Got my goat
By Tom // Posted 26 July, 2009 in: Food + Drink
Last week, Martha came home with exciting stories and delicious bresaola from a butcher shop she found in Linden Hills: Clancey’s Meats and Fish. I had read about the shop on the Heavy Table, but had yet to go. Intrigued, I wanted to check it out. On Saturday after the farmers’ market we biked there. My plan was to buy some fatty pork for carnitas to go with the tomatillos, corn and tomatoes we got from the market, but when I got there there was some goat staring me in the eye, calling my name. Apart from the fact that they actually have goat, the best part about Clancey’s is that from the cuts offered in their cases, it’s clear that they’ve butchered whole animals themselves.Â The goat’s various parts were all in evidence and arranged together. Think of the supermarket butcher: 50 ribeyes from 50 cows. Although I have never made goat before, as soon as I saw this leg roast all my thoughts of pork went out the window.
The staff of Clancey’s suggested that I cook the goat as I would lamb, although better to braise it than to roast it medium-rare, which is my lamb-preference. I couldn’t really shake my carnitas idea, so goat carnitas it was. I was kind of surprised that Diana Kennedy’s The Art of Mexican Cooking contained not a single recipe for goat since I assumed for some reason that Â goat was popular in Mexico. None of my other cookbooks were much help either, so I decided to wing it. I rubbed the roast down in a vaguely Mexican way (cumin, oregano, chile powder, black pepper, salt) and seared it. In went orange juice, lime juice, garlic and onions and then the pot into a 250Â°Â oven for a long, slow cook.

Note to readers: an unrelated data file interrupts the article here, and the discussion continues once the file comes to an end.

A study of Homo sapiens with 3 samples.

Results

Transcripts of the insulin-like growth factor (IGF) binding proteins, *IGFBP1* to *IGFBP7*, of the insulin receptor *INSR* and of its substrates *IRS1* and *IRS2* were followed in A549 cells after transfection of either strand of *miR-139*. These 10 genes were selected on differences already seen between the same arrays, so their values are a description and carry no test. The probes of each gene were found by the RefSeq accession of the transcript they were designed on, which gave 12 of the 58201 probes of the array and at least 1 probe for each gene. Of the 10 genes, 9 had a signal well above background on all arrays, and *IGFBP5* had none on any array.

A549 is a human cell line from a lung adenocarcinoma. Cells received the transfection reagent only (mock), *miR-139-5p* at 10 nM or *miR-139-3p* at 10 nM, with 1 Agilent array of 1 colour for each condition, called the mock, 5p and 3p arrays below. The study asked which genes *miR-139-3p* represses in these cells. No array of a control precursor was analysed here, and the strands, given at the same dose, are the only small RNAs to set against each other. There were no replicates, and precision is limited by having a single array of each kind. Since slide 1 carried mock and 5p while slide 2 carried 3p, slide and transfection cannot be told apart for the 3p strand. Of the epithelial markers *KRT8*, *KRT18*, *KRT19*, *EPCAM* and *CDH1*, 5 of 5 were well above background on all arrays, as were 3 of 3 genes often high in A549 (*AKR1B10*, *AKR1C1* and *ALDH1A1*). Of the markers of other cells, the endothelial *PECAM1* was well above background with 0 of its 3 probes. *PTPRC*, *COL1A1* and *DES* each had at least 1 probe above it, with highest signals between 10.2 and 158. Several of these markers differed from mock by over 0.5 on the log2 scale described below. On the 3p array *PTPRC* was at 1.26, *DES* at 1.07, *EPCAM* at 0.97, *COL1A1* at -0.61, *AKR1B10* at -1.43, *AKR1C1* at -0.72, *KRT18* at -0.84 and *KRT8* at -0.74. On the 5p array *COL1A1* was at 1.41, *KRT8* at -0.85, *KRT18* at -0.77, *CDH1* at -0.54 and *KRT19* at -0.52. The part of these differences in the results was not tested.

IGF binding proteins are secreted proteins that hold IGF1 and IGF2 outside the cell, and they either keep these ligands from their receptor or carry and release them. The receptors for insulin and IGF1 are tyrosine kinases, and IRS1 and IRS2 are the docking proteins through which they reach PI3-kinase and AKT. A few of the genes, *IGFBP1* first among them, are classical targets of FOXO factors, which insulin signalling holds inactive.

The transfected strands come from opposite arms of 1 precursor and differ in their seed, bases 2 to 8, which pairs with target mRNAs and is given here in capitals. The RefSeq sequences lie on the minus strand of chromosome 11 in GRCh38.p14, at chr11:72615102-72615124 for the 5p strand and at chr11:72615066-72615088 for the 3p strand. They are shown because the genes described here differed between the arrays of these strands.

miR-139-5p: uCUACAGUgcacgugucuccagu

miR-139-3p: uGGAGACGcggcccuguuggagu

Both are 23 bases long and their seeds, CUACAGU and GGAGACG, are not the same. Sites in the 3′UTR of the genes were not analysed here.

Of course, these goat carnitas were going to require some delicious fixins, and luckily the farmers’ market was able to provide. I used the most beautiful tomatillosÂ of my life to make a salsa verde (with cilantro, garlic, onion and some lime juice). Martha used the first sweet corn and tomatoes of the season with cilantro, lime juice and green onions to make a corn salsa.
After three hours in the oven, the goat was tender but not falling apart. I pulled it to shreds with two forks. At this point I became a little concerned as I was hit with a smell that can only be described as “goaty.” Tasting the meat was reassuring; it was a bit like lamb and a bit like beef, with a deep flavor and very tender texture. I tossed it with a little of the salsa verde for color.
Maybe a taco is not the best way to appreciate the flavor of goat, but it’s not a bad way to eat goat. In fact, the acid of the salsas and sour cream cut through some of the meat’s earthiness. By the end of my third taco, my eyes were craving a fourth and my stomach was saying “no!” As usual, the eyes won out.